The Daytona 500 begins later today and it is also Black History Month, so it’s important here at BGN that we highlight Black NASCAR series driver Bubba Wallace.
Bubba Wallace is making his own history here in Daytona Beach. Wallace is a current competitor for NASCAR — driving the No. 43 Chevrolet Camaro ZL1 1LE for Richard Petty Motorsports. What is remarkable about Bubba and his journey is that being represented on the raceway as a driver of African descent, he’s carving a path for more fans of color to be curious and interested in joining the NASCAR family. BGN along with a team of journalists spoke with the popular series driver about his career, dealing with adversity — and jumping out of an airplane!
What got you into racing in the first place?
I started when I was about nine racing go-karts. My dad bought a Harley Davidson, and the guy who fixed it up for him raced go-karts and invited us to come out and watch him. We were sitting in the stands, and we had gotten hooked just sitting there watching, so we went out and got a go-kart the next weekend and started racing.
So for those that don’t know, can you tell us a little bit about your journey from the go-karts to national?
There are so many different avenues and paths to take to get started in motorsports. I was always the asphalt oval, what you see here in Daytona but just on a smaller scale. This is a two and a half-mile track. I was racing on quarter miles, 10th-mile marker, a third of a mile track. So it’s very small, very tight close quarters. Racing, we’ve got short tracks.
Two years, every series, moved up to bandoleros, spent a quarter size car and moved up to legend cars, which we call basically a “crotch rocket” and a street bike on four wheels. I still race those things to this day. I’ll race those in the summer just to have a little bit of extra seat time, if you want to call it racing time. Then we got into the full-size car late model stock car, which is the same size cup car, a lot less horsepower, not on a big scale like this. But that’s what’s more common sounding like the NASCAR banner. I was about 12 or 13. And we had to be like 15 or 16. So we may or may not have had a couple of birth certificates, different ages…
We did what we had to do to raise the best tracks, best competition, for about four years. Then we got into the NASCAR ranks of the K&N Pro Series, like the developmental series back in 2010. I was just thinking about this other day. Ten years ago, I was starting my NASCAR journey. And now we’re here, the third year in the cup series. You go through the K&N Pro series, the truck series, the XFINITY Series and now racing on Sundays.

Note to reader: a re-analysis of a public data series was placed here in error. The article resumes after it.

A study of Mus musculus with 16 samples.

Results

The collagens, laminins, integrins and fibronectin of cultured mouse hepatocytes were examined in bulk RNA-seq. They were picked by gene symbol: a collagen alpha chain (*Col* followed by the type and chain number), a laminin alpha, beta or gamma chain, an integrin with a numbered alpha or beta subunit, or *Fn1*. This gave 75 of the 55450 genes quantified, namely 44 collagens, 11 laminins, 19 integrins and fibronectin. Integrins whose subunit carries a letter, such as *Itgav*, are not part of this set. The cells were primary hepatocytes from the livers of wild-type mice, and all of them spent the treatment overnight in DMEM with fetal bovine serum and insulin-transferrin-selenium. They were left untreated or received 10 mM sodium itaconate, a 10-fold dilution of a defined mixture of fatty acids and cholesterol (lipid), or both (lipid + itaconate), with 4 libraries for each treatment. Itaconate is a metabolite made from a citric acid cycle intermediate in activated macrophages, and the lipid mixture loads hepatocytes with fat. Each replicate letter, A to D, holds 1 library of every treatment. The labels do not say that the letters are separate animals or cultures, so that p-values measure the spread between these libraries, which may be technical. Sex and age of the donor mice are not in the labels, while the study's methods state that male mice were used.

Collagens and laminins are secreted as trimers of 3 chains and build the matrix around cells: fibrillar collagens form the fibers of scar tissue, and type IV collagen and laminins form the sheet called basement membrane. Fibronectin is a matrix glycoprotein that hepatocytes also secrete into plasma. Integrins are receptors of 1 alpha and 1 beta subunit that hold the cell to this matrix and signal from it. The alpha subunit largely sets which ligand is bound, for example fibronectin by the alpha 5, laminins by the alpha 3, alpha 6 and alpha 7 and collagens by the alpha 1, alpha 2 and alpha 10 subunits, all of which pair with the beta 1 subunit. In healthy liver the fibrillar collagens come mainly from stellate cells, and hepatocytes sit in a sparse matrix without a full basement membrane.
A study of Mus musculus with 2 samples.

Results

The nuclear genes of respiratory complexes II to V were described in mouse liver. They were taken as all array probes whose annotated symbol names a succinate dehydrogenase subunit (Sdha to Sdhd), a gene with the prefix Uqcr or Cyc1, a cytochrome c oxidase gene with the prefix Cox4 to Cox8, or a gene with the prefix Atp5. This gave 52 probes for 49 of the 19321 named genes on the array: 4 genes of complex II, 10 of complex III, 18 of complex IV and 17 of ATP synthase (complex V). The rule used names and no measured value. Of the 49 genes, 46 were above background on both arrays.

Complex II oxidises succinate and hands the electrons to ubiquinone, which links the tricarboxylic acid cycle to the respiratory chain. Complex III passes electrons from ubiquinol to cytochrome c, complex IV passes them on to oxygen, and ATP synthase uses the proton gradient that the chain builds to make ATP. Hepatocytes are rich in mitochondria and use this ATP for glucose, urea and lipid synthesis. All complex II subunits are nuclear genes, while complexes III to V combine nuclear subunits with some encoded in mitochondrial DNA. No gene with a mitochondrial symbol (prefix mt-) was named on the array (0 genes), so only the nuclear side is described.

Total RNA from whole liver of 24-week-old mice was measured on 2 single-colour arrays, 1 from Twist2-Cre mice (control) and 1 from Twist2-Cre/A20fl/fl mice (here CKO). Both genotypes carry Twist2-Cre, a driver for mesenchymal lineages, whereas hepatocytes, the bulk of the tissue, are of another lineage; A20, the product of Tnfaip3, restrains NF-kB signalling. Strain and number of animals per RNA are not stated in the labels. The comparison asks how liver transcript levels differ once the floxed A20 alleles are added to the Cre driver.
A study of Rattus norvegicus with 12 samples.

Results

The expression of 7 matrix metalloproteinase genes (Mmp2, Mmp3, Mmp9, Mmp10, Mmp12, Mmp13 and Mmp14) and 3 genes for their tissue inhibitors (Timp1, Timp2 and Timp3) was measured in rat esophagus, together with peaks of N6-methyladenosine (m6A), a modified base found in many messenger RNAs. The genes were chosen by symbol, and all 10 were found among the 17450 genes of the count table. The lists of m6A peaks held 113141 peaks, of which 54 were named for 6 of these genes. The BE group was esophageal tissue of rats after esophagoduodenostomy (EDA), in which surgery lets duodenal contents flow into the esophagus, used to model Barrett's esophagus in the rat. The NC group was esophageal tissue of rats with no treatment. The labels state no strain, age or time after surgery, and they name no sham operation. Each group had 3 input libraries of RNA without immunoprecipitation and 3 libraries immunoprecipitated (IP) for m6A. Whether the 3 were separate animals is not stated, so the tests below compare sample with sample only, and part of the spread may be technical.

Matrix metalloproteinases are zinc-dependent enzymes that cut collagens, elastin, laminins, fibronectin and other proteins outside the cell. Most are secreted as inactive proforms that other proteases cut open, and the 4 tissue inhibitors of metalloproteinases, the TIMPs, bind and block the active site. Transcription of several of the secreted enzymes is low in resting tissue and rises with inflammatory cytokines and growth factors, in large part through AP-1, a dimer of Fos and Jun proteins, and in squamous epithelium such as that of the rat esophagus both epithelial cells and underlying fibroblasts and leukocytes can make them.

We heard you jumped out of a plane the other day. Tell us what that was about.
Yeah, jumped out of a plane and the parachute pulled. So that was good. Everything that you worry about when you jump, like, I guess the main thing you worry about is the parachute gonna open up, right? But you get up there in the moment and next thing you know, you walk off the plane, and you’re falling, and you’re enjoying the moment. And next thing you know, the canopy opens up, the parachute opens up, and then you’re floating, and 10 seconds later, you’re like, Oh, yeah, it opened up my biggest fear and already happened. I forgot about it. So you quickly forget all the worries that you have, all the bad things that can happen. You just sit there and enjoy the moment. It was super cool. Quiet, once the parachute opened up. You’re floating around right above us for 10 minutes or even seven, eight minutes. I don’t know. A long time. It was cool. We’re sitting there looking. You can see for miles and miles. Really awesome. It’s a really massive plane, and so it was super cool to be inside. There was a total of seven of us, including the pilots, so we had a ton of room. You could have a basketball court inside of that plane, it’s pretty cool.
Can you tell us a little bit more about that and how you’ve been able to persevere?
Yeah, I think we all go through adversity every day, and seems like some may go through more than others. But ever since I’ve been a part of the NASCAR, it’s always been about sponsorship and getting money. It’s a tough, tough sport. Space is based on a lot of money, and it’s kind of like a pay to play. Got to get some money, you get the best rides. If you don’t, then you’re kind of scraping off the bottom of the barrel. So it’s challenging, especially when kids who you grew up racing against and beating them and they come in with money, they get to ride before you do. So it’s kind of backwards. But part of it, you just got to go out there and put that aside and do the best that you can with the equipment that you have. So we’ve strung together some really good races and we’ve had some really bad races, but that’s just the nature of the sport. Like I said earlier about the ups and downs, we have sponsorship battles every day, every year. They told me back in 2013, we go out and win a race — the sponsors will be jumping all over. The next year, no sponsors, so just keep racing. I race because I love to do it.
Due to yesterday’s rain delay, NASCAR’s Daytona 500 begins today at 4 pm ET.
This interview was edited and condensed for clarity.